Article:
Jean Wang, Contributing Photographer

If Daven Yadav ’25 is elected as Yale College Council president, he plans to dedicate his term to ensuring all students have the Yale experience they deserve. 

Through his experience in the Sophomore and Junior Class Councils over the past two years, Yadav told the News that he has learned that a lot of the issues about Yale he has heard his peers raise could be resolved by the YCC. 

“I have a lot of friends who are not in the YCC, and they don’t know what’s going on, or if they do then they don’t know how to get involved,” Yadav said. “I feel like this shows the disconnect between the two groups, and I really want to open up that communication a bit more.”

Yadav has centered community and transparency as key tenets on his policy platform. 

He believes that increasing lines of communication between the YCC and the student body will restore students’ faith in the council following the recent controversy surrounding whether or not to compensate the president and vice president.

“With the recent backlash and controversy the YCC has faced, that’s become a lot of people’s only idea or conception of the YCC, and it leaves a bad taste in their mouths,” Yadav said. “I want to change that.”

Although he is running without a vice presidential candidate, Yadav told the News that he is a strong enough candidate for students to split their ticket and vote for him. He had a high bar for his running mate, and said that none of the prospective candidates for the role met his expectations. 

“Before the deadline, I was asking people who I thought would be great candidates for Vice President … a lot of them were not able to dedicate themselves like I could dedicate myself,” Yadav said. “I couldn’t find a candidate who I thought was qualified enough for the student body who also had the time to do the work.”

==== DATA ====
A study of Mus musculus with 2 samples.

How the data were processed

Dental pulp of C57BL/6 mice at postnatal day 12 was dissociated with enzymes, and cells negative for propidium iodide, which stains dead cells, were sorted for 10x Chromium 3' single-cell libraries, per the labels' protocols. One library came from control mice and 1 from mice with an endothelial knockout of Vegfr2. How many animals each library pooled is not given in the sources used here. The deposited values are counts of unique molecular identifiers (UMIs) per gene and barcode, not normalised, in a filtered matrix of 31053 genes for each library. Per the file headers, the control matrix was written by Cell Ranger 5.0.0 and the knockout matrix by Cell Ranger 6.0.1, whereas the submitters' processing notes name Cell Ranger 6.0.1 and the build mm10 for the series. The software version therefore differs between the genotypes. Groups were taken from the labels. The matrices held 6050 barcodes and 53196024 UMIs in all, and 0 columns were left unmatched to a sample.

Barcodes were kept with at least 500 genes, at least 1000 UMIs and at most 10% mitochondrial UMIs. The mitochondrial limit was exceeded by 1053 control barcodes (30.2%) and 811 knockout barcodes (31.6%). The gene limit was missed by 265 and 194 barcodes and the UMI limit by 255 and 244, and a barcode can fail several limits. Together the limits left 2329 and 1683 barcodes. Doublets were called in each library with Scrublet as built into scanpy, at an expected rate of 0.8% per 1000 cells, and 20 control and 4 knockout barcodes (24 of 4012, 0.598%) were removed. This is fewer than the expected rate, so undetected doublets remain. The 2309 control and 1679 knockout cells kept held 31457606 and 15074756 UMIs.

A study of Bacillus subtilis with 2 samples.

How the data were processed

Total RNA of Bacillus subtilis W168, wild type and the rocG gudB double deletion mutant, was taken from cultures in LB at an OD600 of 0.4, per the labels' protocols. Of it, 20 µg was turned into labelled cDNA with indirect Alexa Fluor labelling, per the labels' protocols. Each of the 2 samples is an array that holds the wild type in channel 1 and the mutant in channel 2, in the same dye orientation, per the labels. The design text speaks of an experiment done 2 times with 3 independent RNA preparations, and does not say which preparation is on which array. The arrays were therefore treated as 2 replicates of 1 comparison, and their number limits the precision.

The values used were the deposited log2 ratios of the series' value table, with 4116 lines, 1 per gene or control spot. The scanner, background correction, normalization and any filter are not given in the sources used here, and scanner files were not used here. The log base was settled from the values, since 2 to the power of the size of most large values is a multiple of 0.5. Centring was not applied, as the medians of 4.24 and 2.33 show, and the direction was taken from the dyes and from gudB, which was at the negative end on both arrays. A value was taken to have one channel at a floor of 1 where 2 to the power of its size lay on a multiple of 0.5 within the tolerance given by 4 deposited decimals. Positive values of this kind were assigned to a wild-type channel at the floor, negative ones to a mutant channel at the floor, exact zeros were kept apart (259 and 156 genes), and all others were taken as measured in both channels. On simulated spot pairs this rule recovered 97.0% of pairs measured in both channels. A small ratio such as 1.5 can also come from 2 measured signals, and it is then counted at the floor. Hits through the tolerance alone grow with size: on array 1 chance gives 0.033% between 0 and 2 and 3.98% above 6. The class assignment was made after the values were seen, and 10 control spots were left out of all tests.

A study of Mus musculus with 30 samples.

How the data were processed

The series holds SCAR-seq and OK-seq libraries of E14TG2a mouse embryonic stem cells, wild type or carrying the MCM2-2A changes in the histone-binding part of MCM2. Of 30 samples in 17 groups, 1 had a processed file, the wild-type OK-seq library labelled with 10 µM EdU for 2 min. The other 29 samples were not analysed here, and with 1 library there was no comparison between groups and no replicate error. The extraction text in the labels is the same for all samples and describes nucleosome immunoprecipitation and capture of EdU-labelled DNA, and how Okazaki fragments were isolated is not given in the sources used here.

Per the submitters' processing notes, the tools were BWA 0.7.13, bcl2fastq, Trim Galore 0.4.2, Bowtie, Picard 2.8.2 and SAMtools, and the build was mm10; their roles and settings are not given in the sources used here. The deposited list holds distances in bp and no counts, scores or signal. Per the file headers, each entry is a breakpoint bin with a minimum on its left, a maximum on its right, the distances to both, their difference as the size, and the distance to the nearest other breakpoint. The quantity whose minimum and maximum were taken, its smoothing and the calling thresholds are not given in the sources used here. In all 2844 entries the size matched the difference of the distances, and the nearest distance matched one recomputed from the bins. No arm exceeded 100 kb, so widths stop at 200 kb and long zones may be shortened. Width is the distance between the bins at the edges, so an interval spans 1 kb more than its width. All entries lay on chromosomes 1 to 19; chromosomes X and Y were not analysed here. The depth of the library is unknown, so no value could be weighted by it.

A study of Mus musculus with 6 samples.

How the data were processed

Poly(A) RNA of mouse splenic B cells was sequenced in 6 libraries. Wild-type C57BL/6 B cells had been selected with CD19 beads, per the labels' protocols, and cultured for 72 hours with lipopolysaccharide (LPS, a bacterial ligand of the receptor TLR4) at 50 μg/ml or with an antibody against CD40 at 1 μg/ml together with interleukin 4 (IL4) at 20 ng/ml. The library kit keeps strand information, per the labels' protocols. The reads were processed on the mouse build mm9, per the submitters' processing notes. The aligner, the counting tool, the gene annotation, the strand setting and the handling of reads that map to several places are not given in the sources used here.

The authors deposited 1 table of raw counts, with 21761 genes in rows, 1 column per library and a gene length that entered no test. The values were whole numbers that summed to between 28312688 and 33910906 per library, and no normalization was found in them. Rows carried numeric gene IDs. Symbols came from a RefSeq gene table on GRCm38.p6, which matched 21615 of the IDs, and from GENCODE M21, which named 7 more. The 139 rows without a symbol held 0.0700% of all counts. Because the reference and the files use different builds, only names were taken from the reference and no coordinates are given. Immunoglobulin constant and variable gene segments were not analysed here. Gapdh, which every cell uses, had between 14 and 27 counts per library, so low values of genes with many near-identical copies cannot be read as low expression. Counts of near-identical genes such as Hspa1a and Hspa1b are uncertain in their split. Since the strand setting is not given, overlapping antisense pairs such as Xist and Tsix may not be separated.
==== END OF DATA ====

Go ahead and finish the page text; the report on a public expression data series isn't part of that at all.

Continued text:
Yadav believes that what truly sets his campaign apart is his focus on concrete promises that will directly translate to the well-being of the student body.

His platform focuses on multiple areas in which he thinks he can enact real change, including mental health policy, laundry accessibility and increased dining hall hours.

“I’m not making large statement[s] or large promises, I’m trying to focus on things that can be done and will be done if I am elected,” Yadav said. “I am focused on more practical and feasible ideas that will affect a large part of the community.”

The impetus for Yadav’s campaign was his appreciation of Yale. He said he cares deeply for the school community and wants to ensure that all students are able to experience a Yale that benefits them and that they too can love.

However, despite this passion for the Yale community, Yadav recognizes that there are changes that need to be made.

“I just want to focus on giving back to Yale, because I feel like Yale has done a lot for me and a lot for my friends,” Yadav said. “But there is still a lot of improvement to be done. I’m trying to give the people of Yale what they deserve.”

The election this year will run from Wed., April 12 at 9:00 a.m. to Fri., April 14 at 9:00 p.m. Results will be announced by Sat., April 15 at 9:00 a.m.

Janalie Cobb is an Audience Editor for the News and a former University staff reporter. She is a junior from Chicago in Davenport College double majoring in political science and psychology.